Well, I suspect that (and hope that), our first lesson on the 15 Invaluable Laws of Growth has taken place. For those who were able to attend, the subject looked at the idea that growth is intentional. John Maxwell writes, “Growth is not an automatic process. If you’re going to grow, you have to grow on purpose.” The noun form of purpose is defined as the reason for which something is done or created or which something exists. The point is simple, intentional growth, if it is going to be purposed (verb form meaning to have one’s intention or objective), must have a true purpose behind it.
But by the grace of God I am what I am, and His grace toward me was not in vain; but
I labored more abundantly than they all, yet not I, but the grace of God which was with me.
1st Corinthians 15:10
As the apostle Paul seeks, through the guidance of the Holy Spirit, to defend his apostleship and exhort the church in Corinth to grow intentionally, he reflects for a moment on his own journey. He acknowledges that he was “not worthy to be called an apostle” because he “persecuted the church of God” (v9). This reality is vividly seen in Acts 9:1, where Paul (then named Saul), breathed “threats and murder against the disciples of the Lord.” Interestingly, Paul’s reflection on his past was not uncommon as he sought to teach others in regard to their personal growth needs (cf. Philippians 3:6; Galatians 1:13, 23; 1st Timothy 1:13). His “come to Jesus moment” was questioned by some of the early disciples, for they “were all afraid of him, and did not believe that he was a disciple” (Acts 9:26). Personal growth is always on display to those around us and some may doubt that change, and with good reason. This caused me to think, “If the purpose for change is to change another’s mind, what happens if that mind never changes?”
Paul makes it clear, the driving force behind his change of direction was the grace of God. By grace, I am talking about God’s favor towards man, with its core being the death, burial and resurrection of Christ. It was the gospel of Christ (the power of God, Romans 1:16) that abruptly changed Paul’s direction in life (Acts 9:1-19). Not only that, it was that very same message of hope that opened the doorway for Paul to “preach Him among the Gentiles” (Galatians 1:16), of which the church in Corinth is proof. Thus, Paul’s expression, “I labored more abundantly than they all” is not patting himself on the back; but rather, his way of showing others that God is working through him. He knew that where he was in life was because of “the grace of God which was with” him.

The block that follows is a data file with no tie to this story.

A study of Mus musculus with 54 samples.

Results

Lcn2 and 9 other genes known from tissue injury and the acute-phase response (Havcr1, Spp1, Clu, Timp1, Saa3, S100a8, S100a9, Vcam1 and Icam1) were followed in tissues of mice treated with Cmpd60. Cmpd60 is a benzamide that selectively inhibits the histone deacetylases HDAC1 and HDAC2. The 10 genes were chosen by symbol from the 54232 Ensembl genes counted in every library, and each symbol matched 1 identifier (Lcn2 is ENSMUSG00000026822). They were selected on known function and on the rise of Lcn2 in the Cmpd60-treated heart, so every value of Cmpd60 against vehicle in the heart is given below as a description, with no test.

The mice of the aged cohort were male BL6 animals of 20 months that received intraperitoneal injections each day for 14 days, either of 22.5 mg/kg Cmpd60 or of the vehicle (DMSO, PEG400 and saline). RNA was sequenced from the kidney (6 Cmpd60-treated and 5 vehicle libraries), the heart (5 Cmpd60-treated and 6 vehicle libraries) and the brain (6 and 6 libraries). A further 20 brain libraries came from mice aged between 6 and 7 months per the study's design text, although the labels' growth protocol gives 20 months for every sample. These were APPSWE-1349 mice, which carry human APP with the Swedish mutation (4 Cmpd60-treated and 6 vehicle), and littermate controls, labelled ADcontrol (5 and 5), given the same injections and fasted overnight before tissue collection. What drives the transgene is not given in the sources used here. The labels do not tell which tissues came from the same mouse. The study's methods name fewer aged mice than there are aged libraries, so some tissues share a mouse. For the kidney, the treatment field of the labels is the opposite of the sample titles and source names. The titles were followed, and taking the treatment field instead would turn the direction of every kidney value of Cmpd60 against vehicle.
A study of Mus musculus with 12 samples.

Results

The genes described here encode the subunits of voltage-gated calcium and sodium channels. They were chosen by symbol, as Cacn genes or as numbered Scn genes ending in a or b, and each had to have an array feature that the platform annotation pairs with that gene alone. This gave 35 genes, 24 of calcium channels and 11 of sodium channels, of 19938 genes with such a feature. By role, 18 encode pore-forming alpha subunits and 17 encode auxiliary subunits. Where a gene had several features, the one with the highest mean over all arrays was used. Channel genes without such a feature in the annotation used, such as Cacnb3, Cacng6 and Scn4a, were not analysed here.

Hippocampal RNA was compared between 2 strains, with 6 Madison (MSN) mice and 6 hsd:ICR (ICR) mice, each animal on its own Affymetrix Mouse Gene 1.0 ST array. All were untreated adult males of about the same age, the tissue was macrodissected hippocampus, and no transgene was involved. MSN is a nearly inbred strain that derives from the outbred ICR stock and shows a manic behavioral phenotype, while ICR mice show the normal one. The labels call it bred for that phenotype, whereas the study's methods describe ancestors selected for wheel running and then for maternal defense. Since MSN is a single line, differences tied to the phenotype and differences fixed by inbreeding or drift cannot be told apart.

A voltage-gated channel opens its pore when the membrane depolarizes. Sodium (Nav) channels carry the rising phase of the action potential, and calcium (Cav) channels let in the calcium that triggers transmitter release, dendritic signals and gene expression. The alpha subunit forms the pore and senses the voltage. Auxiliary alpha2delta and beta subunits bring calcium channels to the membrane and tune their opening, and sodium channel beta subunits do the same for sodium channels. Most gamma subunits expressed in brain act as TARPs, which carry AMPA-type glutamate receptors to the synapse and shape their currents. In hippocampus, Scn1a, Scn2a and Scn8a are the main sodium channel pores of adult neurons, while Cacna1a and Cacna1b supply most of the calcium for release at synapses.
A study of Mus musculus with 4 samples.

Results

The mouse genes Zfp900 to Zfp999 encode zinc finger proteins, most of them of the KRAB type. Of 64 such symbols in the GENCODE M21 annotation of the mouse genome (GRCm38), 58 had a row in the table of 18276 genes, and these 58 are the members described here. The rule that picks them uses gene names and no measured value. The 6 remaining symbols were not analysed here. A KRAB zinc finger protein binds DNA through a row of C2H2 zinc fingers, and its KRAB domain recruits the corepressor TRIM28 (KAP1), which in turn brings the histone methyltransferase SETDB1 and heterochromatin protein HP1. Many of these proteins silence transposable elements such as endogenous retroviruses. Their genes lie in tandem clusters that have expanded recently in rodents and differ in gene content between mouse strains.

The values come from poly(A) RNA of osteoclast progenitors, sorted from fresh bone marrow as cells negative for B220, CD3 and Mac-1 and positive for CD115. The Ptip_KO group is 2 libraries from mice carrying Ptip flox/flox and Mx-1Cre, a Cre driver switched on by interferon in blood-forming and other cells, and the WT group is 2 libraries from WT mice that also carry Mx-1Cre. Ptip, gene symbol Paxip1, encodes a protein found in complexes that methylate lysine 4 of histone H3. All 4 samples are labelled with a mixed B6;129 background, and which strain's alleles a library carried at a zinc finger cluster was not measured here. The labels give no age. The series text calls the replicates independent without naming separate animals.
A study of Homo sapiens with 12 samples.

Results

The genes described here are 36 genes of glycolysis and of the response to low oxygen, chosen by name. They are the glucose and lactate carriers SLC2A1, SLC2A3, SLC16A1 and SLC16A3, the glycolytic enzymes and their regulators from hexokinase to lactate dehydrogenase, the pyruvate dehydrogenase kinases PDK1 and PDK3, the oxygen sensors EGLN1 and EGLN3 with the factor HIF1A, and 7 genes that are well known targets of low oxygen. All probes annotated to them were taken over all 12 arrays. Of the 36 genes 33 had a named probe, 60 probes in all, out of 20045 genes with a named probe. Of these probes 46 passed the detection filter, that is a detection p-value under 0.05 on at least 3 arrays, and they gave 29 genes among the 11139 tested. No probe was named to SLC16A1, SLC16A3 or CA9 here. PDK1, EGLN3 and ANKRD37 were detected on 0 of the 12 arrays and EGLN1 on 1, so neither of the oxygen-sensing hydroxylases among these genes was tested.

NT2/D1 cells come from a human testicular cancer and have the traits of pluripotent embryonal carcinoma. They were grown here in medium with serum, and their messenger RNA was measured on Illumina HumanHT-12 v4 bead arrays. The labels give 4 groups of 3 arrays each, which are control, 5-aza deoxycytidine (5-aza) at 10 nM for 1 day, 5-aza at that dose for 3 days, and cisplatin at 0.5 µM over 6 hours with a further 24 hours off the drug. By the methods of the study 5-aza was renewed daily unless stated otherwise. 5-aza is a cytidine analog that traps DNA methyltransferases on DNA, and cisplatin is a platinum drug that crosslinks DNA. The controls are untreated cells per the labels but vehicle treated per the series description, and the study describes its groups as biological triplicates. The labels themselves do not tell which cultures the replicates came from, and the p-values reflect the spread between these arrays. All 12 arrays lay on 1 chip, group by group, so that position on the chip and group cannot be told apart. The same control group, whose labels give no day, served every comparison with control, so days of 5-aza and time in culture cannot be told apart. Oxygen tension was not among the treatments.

For change to be sustained, something has to be a driving force behind every intentional step we take. There are multiple reasons for change, many of them reasonable and worthy of our thoughts. But none can compare to God’s amazing grace, seen through the gift of His Son and the opportunities He gives us each day to grow in His love. Maybe our purpose behind intentional growth can be summed up in these two verses: “And whatever you do in word or deed, do all in the name of the Lord Jesus, giving thanks to God the Father through Him” (Colossians 3:17) and “Therefore we make it our aim, whether present or absent, to be well pleasing to Him” (2nd Corinthians 5:9). For it is by His grace that I am who I am!